A report released by British think-tank Chatham House warns that while
the international community must do more to stop rampant piracy in
Somalia, piracy cannot be eradicated without finding a long-term
solution to the country's political problems. The warning comes as
France, Germany and six other European Union governments are preparing
to deploy additional warships off the coast of Somalia to fight
piracy. VOA Correspondent Alisha Ryu has the story from our East
Africa Bureau in Nairobi.
The Chatham House report says the
international community is not doing enough to stop piracy in Somalia,
even though pirate activities are threatening global commerce and
Each year, some 16,000 vessels pass through the Gulf
of Aden, a narrow waterway between Somalia and Yemen that connects
Europe to the Far East. The report says pirates this year have seized
more than two dozen of those ships in the Gulf of Aden and about half a
dozen others in waters off Somalia's east coast, earning them as much
as $30 million in ransoms.
Facing soaring insurance premiums,
ship owners are said to be considering taking the much longer route
around the Cape of Good Hope in South Africa to move their goods. The
extra transportation and fuel costs would then be passed on to
consumers, causing even more economic hardships for many people around
The report notes that the presence of a maritime
force composed of U.S. and allied warships in the region has done
little to deter pirates, who are better armed and more determined than
ever before. Pirates are now using rocket-propelled grenade launchers
to try to hijack bigger vessels and that has sparked fears that an
attack on an oil tanker could cause a major oil spill some day in the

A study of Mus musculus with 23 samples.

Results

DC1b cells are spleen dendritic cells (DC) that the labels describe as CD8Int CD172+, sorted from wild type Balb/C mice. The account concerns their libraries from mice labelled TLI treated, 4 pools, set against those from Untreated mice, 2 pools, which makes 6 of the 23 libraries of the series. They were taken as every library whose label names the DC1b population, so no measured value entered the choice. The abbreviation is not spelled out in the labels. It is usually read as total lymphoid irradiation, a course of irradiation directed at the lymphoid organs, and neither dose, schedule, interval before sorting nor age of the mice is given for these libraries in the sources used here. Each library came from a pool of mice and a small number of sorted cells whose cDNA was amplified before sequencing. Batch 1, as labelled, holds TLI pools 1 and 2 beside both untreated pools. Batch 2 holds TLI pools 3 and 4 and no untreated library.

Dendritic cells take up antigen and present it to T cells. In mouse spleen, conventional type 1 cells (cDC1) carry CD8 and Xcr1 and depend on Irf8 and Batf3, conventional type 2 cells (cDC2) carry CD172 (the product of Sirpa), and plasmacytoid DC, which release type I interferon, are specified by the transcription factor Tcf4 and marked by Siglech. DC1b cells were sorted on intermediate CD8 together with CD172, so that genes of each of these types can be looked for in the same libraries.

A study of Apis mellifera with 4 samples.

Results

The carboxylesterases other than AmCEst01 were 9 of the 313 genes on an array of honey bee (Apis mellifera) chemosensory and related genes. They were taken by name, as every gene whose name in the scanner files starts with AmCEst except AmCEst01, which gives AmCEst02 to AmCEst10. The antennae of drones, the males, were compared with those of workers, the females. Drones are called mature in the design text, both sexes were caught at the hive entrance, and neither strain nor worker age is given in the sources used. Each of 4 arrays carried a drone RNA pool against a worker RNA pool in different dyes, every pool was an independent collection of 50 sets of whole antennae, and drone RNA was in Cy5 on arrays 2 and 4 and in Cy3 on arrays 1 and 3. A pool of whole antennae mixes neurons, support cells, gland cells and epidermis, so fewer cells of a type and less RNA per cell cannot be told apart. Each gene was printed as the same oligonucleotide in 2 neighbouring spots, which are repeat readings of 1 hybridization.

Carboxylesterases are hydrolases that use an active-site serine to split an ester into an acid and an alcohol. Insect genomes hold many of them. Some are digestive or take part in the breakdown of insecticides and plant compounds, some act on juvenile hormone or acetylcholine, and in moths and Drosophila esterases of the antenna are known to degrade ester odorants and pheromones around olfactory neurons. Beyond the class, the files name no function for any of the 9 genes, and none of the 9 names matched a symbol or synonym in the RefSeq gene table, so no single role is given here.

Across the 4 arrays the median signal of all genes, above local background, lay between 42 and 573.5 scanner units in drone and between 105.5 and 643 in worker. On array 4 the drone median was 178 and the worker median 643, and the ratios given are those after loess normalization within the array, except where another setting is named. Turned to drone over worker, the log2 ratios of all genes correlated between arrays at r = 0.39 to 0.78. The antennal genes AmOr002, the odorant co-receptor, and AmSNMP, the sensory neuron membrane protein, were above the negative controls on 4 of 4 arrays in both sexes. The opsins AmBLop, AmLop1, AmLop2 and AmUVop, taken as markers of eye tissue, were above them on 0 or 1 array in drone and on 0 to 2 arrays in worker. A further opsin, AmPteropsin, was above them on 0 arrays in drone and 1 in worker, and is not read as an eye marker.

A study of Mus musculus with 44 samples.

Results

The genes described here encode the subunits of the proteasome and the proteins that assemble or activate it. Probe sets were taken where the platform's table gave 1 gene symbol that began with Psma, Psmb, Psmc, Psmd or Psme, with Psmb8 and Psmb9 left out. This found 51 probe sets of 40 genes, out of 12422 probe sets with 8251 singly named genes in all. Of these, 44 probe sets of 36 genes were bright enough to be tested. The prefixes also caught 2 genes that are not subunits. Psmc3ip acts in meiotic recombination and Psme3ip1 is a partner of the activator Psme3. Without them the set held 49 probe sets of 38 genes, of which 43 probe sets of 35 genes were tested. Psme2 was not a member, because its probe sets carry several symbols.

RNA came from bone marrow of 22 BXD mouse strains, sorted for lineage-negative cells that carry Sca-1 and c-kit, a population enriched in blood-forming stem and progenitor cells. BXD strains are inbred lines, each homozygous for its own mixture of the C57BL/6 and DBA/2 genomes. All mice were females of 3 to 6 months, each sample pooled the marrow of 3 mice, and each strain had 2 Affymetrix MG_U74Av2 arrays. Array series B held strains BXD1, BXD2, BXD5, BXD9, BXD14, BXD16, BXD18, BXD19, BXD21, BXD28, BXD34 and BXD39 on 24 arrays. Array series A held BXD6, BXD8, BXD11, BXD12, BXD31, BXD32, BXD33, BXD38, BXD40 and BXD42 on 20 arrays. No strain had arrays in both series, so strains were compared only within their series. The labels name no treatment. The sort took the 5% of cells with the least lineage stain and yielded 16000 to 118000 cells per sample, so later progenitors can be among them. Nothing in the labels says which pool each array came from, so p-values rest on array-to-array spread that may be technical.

Horn of Africa.
For months, ship owners have appealed for
greater international action to curb piracy in Somalia. The director
of the International Maritime Bureau, Pottengal Mukundan, says he
believes many more warships need to be deployed.
why these attacks have increased dramatically is because there has been
no robust push-back against these pirates," he said. "They are
operating with impunity. What we need is a firm push-back and the only
people who can provide it are the naval forces. There is no one else."
author of the Chatham House report, Roger Middleton, agrees that a
strong international military presence and response could reduce the
number of pirate attacks. He welcomed the European Union's announcement
on Tuesday that three additional warships, a supply ship, and three
naval surveillance planes could be sent to Somalia as early as next
But Middleton says he believes that is only a part of the solution to the piracy problem there.
with 100 ships, you are still not going to have full coverage of the
whole Indian Ocean coast of Somalia and the Gulf of Aden," he said.
"This is a huge area. So a large military presence, while important
and would act as a deterrent, it is not an ultimate solution."
international community needs to realize that Somalia is not a normal
country. This is a failed state and you have to treat it as such. You have to look at the type of solutions that we have for Somalia and
that might mean accepting Somali solutions like the Islamic Courts
Union need to be accommodated in the future government of Somalia," he
The only time in the past decade when piracy was not a
problem in Somalia was in 2006 during the six months the Islamic Courts
Union was in power in Mogadishu. Middleton argues that leaders in
the courts were able to stamp out pirate activities because they
enjoyed popular support and were seen as legitimate authorities. He
notes that piracy returned with a vengeance after Ethiopia, with U.N.
backing, intervened in Somalia and replaced the courts with a secular
government that lacked a popular mandate.